As part of a two-year pilot project of the Finger Lakes Institute at Hobart and William Smith Colleges, science teachers and their students will take to area streams to conduct assessments and learn valuable field science skills. The Finger Lakes Regional Stream Monitoring Program, backed by a grant funded by Time Warner Cable, will ultimately involve 40 schools and up to 2,000 students. The schools will be selected from within central and western New York, in Seneca, Ontario, Yates, Monroe, Wayne, Schuyler, Tompkins, Cayuga and Livingston Counties.
“We are extremely grateful that Time Warner provided the necessary financial support so we could expand on our teacher-led and research-guided monitoring efforts,” says Sheila Myers, education outreach coordinator for FLI.
The Finger Lakes Regional Stream Monitoring network (http://fli.hws.edu/stream/index.html) follows in the footsteps of the award-winning Science on Seneca (SOS) program which trains area teachers to take their students out on Seneca Lake using the 65-ft research vessel The William Scandling to perform various water quality, geological, meteorological, biological and chemical studies of the lake.
The network involves middle and high school students in scientific inquiry on select tributaries in the Finger Lakes watershed. It will develop a network of young volunteer monitors who will conduct stream assessments and make the data accessible on a Web-based format. Students will wade in streams to monitor water chemistry, collect water samples, and identify aquatic insects that act as indicators of water quality and whose presence and state tell a lot about the health of the watershed. The program will draw on the research and expertise of the FLI staff, faculty at HWS and Finger Lakes Community College.
“The funding of this program in the Finger Lakes region is integral to not only our understanding of the ecological health of our streams but also to our ability to properly train teachers to educate the future stream monitors – environmentally-aware citizens of tomorrow,” says Susan F. Cushman, assistant professor of biology at HWS. Cushman and Bruce Gilman, conservation professor at Finger Lakes Community College and a cooperating environmental educator with the Finger Lakes Institute, will conduct teacher training this spring.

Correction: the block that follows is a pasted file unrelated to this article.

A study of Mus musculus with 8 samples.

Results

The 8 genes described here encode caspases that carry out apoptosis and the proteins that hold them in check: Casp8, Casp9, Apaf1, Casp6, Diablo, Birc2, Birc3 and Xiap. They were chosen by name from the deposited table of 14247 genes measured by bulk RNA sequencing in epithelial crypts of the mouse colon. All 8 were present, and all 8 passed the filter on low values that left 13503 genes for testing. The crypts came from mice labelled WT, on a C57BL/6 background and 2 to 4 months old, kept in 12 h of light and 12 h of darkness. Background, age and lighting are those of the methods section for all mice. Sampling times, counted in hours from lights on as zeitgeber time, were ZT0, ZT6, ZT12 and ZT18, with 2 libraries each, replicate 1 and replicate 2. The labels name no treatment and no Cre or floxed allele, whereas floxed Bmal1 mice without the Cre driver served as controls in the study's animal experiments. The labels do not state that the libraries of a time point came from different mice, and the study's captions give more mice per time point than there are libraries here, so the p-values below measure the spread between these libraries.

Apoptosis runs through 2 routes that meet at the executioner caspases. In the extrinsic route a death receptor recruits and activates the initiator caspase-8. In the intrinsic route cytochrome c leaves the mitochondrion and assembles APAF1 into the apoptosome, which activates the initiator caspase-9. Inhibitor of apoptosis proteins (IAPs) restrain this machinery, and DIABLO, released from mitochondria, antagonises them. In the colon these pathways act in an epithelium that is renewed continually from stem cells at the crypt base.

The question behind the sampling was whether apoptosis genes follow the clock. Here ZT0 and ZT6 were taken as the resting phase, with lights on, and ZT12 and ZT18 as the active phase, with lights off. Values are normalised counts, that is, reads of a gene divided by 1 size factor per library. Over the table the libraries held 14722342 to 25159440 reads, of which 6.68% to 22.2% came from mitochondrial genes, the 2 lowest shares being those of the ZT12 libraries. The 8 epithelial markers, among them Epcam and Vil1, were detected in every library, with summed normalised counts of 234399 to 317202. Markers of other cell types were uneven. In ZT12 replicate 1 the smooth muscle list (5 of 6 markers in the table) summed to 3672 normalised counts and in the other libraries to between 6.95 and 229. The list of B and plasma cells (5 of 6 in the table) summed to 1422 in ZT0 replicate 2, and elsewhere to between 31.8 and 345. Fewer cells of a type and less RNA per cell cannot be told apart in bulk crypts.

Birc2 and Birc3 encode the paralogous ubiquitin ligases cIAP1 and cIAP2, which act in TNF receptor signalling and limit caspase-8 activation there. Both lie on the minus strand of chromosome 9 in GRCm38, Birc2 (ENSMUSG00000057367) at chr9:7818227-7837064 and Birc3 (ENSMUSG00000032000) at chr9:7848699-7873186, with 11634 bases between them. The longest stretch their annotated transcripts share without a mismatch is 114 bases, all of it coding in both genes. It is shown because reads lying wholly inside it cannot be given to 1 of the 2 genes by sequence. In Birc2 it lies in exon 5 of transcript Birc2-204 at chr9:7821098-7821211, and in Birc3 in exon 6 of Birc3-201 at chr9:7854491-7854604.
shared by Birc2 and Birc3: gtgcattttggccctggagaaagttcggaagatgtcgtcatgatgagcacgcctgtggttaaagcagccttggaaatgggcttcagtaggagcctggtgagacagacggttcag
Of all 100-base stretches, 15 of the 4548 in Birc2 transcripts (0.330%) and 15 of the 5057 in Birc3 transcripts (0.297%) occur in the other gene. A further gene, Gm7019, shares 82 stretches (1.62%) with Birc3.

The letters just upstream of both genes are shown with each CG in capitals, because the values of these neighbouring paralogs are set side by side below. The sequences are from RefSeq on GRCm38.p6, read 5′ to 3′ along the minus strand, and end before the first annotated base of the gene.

Gilman is also excited to be involved with one of the FLI’s newest projects. “The educational value of stream monitoring in the Finger Lakes will be greatly enhanced in the high school curriculum by the Institute’s collaborative efforts to train local science teachers, assist them in sampling local waters, and manage a database of their results. I am a strong advocate of experiential learning and this will be a wonderful opportunity to engage high school students in active, outdoor inquiry.”
The pilot regional stream monitoring program will include development of: a stream monitoring protocol and curriculum guide; training program for the pilot schools; and an online database system for teachers to input and access their monitoring and other data. Time Warner Cable is providing funding for college student interns to work on the project, as well as equipment, supplies and assistance for schools to take field trips to area stream sites.
“The Finger Lakes Regional Stream Monitoring Program is the next phase of Time Warner Cable’s new philanthropic focus called Connect A Million Minds. This program will give students in our local science classrooms a unique, hands-on learning experience inspiring them to build skills in science, technology, engineering and math (STEM) to become the problem solvers of tomorrow,” said Terence Rafferty, Regional Vice President of Operations, Time Warner Cable of WNY.
More than 10 area schools have already signed up for the program and the FLI expects to recruit 12 more by the end of the year. The participating schools and organizations include: Avon High School, Canandaigua Lake Watershed Association; Cayuga-Onondaga BOCES in Auburn, Geneseo Middle School, Geneva City School District, Moravia Middle School, Naples Junior- Senior High School, Pittsford Mendon High School, Sodus Middle School, Trumansburg Middle School, Watkins Glen Middle School, and Wayne-Finger Lakes BOCES.
“This environmental project will help foster partnerships between students, schools, colleges and the community to allow students not only to see the environment but to understand it and create a cleaner, safer place to live,” says Sharon Bassage, coordinator of science programs, Wayne-Finger Lakes BOCES.